Below is our collection of coronavirus charts updated through Day 16 of reporting, January 31, 2020.
First An Observation – A Hard Arithmetic Limit In Virus Growth?
Many news reports suggest that the Chinese are limited in their health facilities and/or production of testing kits to confirm infections.
The next chart shows the latest number of confirmed infections and suspected infections. Also shown is a simple polynomial regression used to forecasts the next 7 days, with a 95% confidence interval.
Note that the chart above is on a log scale. This is how virus growth. Based on my understanding virus growth rate is not supposed to exhibit a hard arithmetic limit in its increase.
This seems to be the case. As confirmed infections seem to have hit a limit of increases at 2,000 per/day over the last five days.
Interestingly, several media reports have mentioned in passing that the production of testing kits has been limited to about 2,000 a day.
The number of suspected cases also seems to have hit an arithmetic limit of 3,000 a day over the last five days.
Again, virus growth is not supposed to work this way.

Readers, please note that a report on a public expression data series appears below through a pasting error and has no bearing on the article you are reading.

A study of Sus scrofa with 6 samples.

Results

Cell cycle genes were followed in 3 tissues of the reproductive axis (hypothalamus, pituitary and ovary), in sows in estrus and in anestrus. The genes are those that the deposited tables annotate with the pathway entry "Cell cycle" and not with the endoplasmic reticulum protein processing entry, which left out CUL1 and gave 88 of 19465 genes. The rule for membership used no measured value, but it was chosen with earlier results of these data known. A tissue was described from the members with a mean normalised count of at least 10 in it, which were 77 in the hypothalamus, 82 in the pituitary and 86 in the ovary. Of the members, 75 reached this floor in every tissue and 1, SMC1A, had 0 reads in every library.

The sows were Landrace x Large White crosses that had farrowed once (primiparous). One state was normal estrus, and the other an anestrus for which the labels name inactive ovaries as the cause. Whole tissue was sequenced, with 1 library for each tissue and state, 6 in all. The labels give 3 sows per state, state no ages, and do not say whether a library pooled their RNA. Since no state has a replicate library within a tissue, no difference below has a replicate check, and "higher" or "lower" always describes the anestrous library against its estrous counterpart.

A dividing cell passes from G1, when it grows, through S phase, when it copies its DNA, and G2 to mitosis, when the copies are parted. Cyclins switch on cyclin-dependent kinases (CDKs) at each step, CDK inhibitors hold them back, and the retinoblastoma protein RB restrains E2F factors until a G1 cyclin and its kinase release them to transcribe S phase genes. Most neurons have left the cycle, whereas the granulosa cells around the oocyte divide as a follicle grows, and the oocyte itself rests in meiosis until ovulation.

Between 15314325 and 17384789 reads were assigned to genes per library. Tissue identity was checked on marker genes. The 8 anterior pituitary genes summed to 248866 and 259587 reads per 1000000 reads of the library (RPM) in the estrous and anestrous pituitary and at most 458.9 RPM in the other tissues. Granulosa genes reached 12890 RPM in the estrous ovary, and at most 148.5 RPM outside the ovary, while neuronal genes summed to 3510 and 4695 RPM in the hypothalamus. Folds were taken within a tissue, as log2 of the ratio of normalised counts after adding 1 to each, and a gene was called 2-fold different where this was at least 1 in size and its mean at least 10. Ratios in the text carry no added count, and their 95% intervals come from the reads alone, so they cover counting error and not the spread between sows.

Does this suggest a physical limit for the Chinese? Or, are they just making it up?
The chart below plots the progression of this virus to SARS in 2003 and the swine flu in 2009.
Note that day 1 in the chart below begins when published data starts reporting. This is why the charts do not start at zero or one (they pick up those early cases on day 1 of reporting). So it compares day 15 of reporting, not day 15 after the first known case.
The published data shows that coronavirus infections (red) have already surpassed the 60-day reporting total for SARS in 2003 (blue) and has grown at a faster rate than the 2009 swine flu (orange).
So based on available data, this is the fastest growth of the three.
Finally, some other charts detailing the published data.